Revision would affect city's landlords

Revision would affect city's landlords

CHAMPAIGN – The Champaign City Council is being urged to change its human rights ordinance to effectively require that city landlords must accept Section 8 rent subsidies from low-income people.

A three-member subcommittee of the Champaign Human Relations Commission unanimously recommended Thursday that the human rights ordinance should be amended to specify that federal Section 8 payments are considered a source of income and that landlords can't discriminate against people seeking to rent an apartment or house by using a Section 8 voucher as payment.

The recommendation, which would be made to the city council, will be considered by the full human relations commission at its Dec. 5 meeting.

Both Champaign and Urbana prohibit discrimination in housing in their human rights ordinances, and they also protect against discrimination based on source of income.

For some two decades, that was interpreted to mean that Champaign-Urbana landlords could not reject potential renters simply on the basis that they receive Section 8.

But in 2001, the city of Champaign filed a complaint on behalf of a woman, Bettina Chapman, who had sought to rent an apartment using a Section 8 voucher from Royse & Brinkmeyer Apartments. The Champaign-based firm had told Chapman that they do not participate in the Section 8 program.

The case went before a hearing officer, Champaign attorney Catherine Barbercheck, who ruled on June 4, 2001, that Royse & Brinkmeyer's refusal to participate in Section 8 was not sufficient to show discrimination based on source of income.

The city's human relations commission then voted to accept the ruling.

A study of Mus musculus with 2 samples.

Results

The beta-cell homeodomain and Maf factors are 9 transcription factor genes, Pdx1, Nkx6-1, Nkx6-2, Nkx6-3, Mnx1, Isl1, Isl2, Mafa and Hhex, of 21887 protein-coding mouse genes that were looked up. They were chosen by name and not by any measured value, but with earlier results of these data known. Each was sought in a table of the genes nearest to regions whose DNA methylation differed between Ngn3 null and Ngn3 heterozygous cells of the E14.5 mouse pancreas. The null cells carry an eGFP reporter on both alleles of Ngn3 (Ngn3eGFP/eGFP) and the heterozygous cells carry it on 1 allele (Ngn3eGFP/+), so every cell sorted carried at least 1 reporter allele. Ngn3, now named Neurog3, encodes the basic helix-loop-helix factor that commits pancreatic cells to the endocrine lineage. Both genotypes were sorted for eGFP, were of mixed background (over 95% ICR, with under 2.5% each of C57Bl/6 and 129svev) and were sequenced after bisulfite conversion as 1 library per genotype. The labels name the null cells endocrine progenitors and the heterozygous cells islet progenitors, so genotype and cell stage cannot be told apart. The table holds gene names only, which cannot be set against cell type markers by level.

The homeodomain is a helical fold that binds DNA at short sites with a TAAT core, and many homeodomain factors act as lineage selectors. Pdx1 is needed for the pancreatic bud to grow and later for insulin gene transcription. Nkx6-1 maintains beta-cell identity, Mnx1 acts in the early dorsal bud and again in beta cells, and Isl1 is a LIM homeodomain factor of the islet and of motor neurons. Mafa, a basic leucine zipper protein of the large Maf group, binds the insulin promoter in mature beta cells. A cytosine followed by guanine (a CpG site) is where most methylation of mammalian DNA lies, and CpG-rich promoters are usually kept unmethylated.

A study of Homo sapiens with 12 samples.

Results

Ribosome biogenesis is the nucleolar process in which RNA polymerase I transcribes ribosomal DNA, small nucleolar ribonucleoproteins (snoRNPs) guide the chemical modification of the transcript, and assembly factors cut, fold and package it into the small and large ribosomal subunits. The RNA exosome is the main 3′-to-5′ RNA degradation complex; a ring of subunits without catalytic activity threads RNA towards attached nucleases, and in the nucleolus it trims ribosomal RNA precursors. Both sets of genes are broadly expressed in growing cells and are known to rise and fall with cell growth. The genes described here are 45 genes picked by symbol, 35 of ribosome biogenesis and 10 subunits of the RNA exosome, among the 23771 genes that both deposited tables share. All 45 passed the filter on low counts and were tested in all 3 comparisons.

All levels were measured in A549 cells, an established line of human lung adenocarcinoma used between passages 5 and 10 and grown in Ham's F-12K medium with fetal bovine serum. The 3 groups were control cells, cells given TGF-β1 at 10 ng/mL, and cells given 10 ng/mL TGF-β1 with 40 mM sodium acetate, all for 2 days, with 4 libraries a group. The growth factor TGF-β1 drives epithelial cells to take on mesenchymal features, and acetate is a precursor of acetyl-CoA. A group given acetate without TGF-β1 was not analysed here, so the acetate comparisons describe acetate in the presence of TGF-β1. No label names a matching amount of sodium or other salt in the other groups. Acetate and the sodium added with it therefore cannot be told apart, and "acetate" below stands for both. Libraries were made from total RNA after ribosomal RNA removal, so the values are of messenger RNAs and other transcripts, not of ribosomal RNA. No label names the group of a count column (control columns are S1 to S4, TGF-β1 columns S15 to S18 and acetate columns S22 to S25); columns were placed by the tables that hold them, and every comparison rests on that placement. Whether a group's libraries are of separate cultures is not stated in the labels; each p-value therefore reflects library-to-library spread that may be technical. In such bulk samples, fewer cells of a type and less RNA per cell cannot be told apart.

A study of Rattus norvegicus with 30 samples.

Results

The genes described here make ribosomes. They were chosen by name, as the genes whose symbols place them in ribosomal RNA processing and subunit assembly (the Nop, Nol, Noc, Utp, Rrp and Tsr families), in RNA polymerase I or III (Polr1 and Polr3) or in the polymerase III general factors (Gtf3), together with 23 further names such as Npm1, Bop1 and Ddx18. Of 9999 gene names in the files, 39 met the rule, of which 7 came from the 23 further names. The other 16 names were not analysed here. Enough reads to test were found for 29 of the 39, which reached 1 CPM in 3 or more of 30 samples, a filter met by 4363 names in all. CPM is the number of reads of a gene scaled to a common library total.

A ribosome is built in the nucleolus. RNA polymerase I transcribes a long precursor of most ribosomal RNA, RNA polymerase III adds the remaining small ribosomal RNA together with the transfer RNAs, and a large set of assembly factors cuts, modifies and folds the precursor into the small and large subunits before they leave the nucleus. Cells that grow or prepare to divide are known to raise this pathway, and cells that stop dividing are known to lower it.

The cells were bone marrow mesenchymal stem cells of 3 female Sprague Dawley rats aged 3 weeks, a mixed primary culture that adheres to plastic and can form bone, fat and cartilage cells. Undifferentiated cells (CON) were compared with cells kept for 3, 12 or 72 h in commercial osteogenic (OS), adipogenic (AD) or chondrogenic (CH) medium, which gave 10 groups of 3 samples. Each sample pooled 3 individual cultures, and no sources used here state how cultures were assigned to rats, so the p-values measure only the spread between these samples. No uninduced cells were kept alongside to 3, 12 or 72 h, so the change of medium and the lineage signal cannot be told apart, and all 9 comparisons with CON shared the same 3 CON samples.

Chapman then appealed the commission's decision in Champaign County Circuit Court, but the commission's decision was upheld, according to Tricia Crowley, Champaign's deputy city attorney.

The hearing officer's ruling and the commission's acceptance of it effectively meant that the city of Champaign no longer protected Section 8 recipients from being turned away by landlords.

The issue resurfaced in September after Esther Patt, coordinator of the University of Illinois Tenant Union, brought to the commission's attention an August 2004 decision by the First District appellate court in Chicago.

In the case, a three-judge panel found that a landlord had violated Chicago's fair housing ordinance because the landlord refused to rent to a Section 8 recipient.

The Chicago ordinance prohibited discrimination based on "source of income," but did not specifically mention Section 8.

Crowley said the First District case covers the entire state unless there is a contradictory appellate ruling elsewhere in Illinois, which she said does not appear to be the case.

Patt said she believes that the human relations commission had the option of rejecting Barbercheck's ruling in 2001, but was not adequately informed of that option.

The Urbana City Council in January 1996 voted to include Section 8 as a source of income in its human rights ordinance, Patt said, which the subcommittee is now asking the Champaign council to do.

"The irony of it all is the reason for replacing public housing with Section 8 was to eliminate the concentration of the poor," Patt said. "But discrimination against people with Section 8 reconcentrates the poor at places that don't discriminate."

Patt quizzed Crowley during Thursday's subcommittee meeting whether simply a finding by the human relations commission that Section 8 is a source of income would be sufficient. She asked whether the city council needed to consider the issue.

But Crowley said she wasn't sure the human relations commission could direct city community relations staff to begin considering Section 8 a source of income when complaints are filed.

"Whether you could direct staff and say they have to do that, that's a different question," Crowley said. "Staff reports to the city manager and the city manager answers to the city council."

An explicit mention of Section 8 as a protected source of income in the city's human rights ordinance would be much clearer, she said.